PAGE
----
Investors who recently invested in exchange-traded funds (ETFs) to tap into the fixed-income market have showcased a clear inclination towards government bonds. State Street Global Advisors reports that in September, a total of $10 billion flowed into bonds, out of which a staggering 92% was attributed to government bond exposures. Matthew Bartolini, head of SPDR Americas research at State Street Global Advisors, highlights that approximately $5 billion of the inflow was directed towards “ultra-short” bonds.
While long-term Treasury bonds have experienced a downward trend throughout this year, largely due to a surge in yields, short-term Treasuries have fared comparatively better. On Tuesday, shares of the iShares 20+ Year Treasury Bond ETF (TLT) fell over 2%, resulting in a 12.5% loss for the year according to FactSet data.
On the other hand, the SPDR Bloomberg 1-3 Month T-Bill ETF (BIL) remained relatively stable on Tuesday afternoon. FactSet data reveals that the fund has delivered a noteworthy 3.6% return year-to-date. Similarly, although the iShares 1-3 Year Treasury Bond ETF (SHY) experienced a slight decline of around 0.1% on Tuesday afternoon, it has achieved a commendable year-to-date gain of approximately 1.5% based on total returns.
It is worth noting that these trends have emerged as investors grapple with the projection of the Federal Reserve maintaining higher interest rates for an extended period. This has played a significant role in reshaping the dynamics of the fixed-income market.
Read: ETFs that buy long-term Treasury bonds drop sharply after Fed signals higher for longer rates
Government Bond Flows Continue to Drive Market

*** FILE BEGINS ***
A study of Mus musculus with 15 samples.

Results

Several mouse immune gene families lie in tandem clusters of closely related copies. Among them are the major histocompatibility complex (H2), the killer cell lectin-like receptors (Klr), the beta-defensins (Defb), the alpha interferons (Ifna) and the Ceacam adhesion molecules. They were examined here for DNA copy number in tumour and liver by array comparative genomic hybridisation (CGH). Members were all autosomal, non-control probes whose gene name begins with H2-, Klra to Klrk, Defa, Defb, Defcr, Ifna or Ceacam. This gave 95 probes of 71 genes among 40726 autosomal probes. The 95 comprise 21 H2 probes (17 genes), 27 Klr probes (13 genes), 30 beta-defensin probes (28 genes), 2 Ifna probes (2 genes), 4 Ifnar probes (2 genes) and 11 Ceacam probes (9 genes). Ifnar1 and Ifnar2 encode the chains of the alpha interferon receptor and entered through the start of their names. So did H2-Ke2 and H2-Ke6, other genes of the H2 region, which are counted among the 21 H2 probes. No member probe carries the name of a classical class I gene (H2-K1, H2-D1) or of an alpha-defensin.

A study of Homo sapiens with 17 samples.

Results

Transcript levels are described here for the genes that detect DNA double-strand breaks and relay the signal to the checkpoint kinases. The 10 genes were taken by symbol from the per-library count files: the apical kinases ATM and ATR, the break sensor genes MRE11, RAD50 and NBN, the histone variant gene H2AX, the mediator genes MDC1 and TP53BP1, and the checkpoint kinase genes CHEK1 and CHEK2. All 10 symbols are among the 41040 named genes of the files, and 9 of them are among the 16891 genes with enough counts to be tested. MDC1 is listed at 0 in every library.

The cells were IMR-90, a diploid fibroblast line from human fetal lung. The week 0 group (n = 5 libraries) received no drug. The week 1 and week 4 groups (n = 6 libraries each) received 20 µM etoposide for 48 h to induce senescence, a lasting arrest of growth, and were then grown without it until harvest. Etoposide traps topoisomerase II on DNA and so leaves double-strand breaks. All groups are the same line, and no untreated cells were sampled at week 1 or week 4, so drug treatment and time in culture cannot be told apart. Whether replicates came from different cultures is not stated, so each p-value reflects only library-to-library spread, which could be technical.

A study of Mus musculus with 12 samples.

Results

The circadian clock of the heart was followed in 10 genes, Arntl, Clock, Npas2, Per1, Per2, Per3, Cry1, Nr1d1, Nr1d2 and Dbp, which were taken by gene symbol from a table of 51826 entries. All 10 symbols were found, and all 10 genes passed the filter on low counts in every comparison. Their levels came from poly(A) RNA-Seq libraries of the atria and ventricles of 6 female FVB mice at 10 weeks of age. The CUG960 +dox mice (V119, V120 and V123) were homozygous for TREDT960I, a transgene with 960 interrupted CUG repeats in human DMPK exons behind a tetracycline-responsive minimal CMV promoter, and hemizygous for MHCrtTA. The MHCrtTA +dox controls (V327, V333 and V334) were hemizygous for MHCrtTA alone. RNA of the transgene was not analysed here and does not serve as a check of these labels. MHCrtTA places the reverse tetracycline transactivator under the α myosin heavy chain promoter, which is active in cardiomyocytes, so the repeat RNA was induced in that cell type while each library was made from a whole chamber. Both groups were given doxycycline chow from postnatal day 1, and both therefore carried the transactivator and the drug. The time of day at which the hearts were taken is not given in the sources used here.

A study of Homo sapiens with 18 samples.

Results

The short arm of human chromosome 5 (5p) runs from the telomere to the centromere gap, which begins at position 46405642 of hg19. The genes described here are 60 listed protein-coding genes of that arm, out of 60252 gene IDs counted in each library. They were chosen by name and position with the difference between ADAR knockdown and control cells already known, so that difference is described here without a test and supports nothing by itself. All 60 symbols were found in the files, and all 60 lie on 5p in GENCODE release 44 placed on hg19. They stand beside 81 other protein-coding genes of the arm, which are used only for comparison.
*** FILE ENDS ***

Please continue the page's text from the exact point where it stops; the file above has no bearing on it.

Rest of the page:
Ultra-short and short-term government bonds have maintained their position as the driving force behind flows within the government debt market, according to a note by Bartolini. This trend was also evident in the bond-ETF flows observed in August, with investors showing a preference for short-duration fixed income.
Corporate Bonds Experience Outflows
In contrast to government bonds, both investment-grade and high-yield corporate bonds experienced outflows in September. State Street reported that investors withdrew nearly $3.8 billion from investment-grade corporate bonds last month, representing a significant departure from the year-to-date trend. Similarly, high-yield corporate bonds faced $1.5 billion of outflows in September, despite their positive returns of 5.8% attributable to carry effects from higher coupons.
U.S. Treasury Yields Remain Attractive
U.S. Treasurys, often considered the risk-free rate, continue to offer yields exceeding 5% for debt with ultra-short and short-term durations. For instance, the two-year Treasury yields rose 3.8 basis points to reach 5.148% on Tuesday. Meanwhile, the yield on the three-month T-bill was trading at 5.5% on Tuesday afternoon.
Notably, both these levels surpass the 10-year Treasury yield, which reached its highest rate since August 2007, surging 11.9 basis points to 4.801% on Tuesday. Additionally, thirty-year yields experienced a significant increase of 14.2 basis points to reach 4.936%, marking the highest rate since September 20, 2007.
Overall, the government bond market continues to thrive while corporate bonds face challenging times. Given the attractive yields offered by U.S. Treasurys, investors can find opportunities in short-duration fixed income investments for potentially favorable returns.